Santa Monica College reported its first case of coronavirus Thursday. (File photo)

California community colleges will offer first-time, full-time students two free years of tuition starting next year, mirroring a program that Santa Monica College launched last fall.

Governor Gavin Newsom is making good on a promise he made days after being sworn in to cover the cost of two years of community college for new students. This year’s state budget includes $42.6 million to support a second year of free tuition for about 33,000 low-income California students, Newsom announced last week.

Newsom said the expanded California College Promise program will help students improve their lives and build their futures.

“No one can argue with the fact that the full cost of attending institutions of higher learning is still far too high – both in California and across the country,” Newsom said in a press release. “But by offering two years of community college tuition-free, California is taking a meaningful step toward chipping away at the cost of higher learning for students and their families.”

SMC began offering two years of free tuition and fees, as well as up to $1,200 in textbook vouchers, in fall 2018.

Unlike the state program, the Santa Monica College Promise program provides free tuition regardless of financial need. However, 88% of the 1,881 students in SMC’s first cohort of participants also qualified for the state program, said Teresita Rodriguez, vice president of enrollment development.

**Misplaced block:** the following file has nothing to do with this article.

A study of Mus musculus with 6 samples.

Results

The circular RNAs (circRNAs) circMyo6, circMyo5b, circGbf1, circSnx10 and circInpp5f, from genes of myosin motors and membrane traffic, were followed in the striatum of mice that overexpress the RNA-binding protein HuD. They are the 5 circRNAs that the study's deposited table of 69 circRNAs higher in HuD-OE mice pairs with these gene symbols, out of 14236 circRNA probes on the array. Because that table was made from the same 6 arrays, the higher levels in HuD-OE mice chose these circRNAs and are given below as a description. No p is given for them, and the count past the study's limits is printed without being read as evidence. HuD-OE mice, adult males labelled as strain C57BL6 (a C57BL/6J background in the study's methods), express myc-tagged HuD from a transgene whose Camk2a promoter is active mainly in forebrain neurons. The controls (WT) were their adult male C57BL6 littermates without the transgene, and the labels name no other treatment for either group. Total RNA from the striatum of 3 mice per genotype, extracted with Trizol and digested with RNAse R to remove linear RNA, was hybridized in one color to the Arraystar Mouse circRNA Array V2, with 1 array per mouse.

Rodriguez said although the college was not the first California community college to offer free tuition, it was unique in extending the program to any student who graduated from a California high school that year. Students from 316 high schools participated in the program.

Most colleges with promise programs cover tuition for students in their local area, mainly due to funding constraints, Rodriguez added.

SMC President Kathryn Jeffery said the promise programs offered by the state and the college allow students to focus on their academics and devote less time to a job that they may have used to pay for tuition, fees and materials so they can graduate more quickly.

“For those who are working, they may be able to work fewer hours,” Jeffery said.

The programs also remove the uncertainty surrounding financial aid disbursement that prevents some students from enrolling in college straight out of high school, she added.

“They don’t have to wait for that first financial aid award — their tuition is paid for right away,” Jeffery said.

The assistance appears to have measurable results on student outcomes, Rodriguez said. The college is still conducting a full study of its first cohort of participants, but initial data shows that they outperformed their peers in first semester GPA and course completion rate.

The state budget also invests in $9 million for college students who are homeless or experiencing housing insecurity and $5 million to support veteran resource centers at community colleges. Additionally, a one-time increase of $4.75 million will support workforce development programs at some community colleges.

The California Community Colleges are the largest system of higher education in the nation, serving about 2.1 million students. Last year, the community colleges awarded more than 96,000 certificates and 160,000 degrees.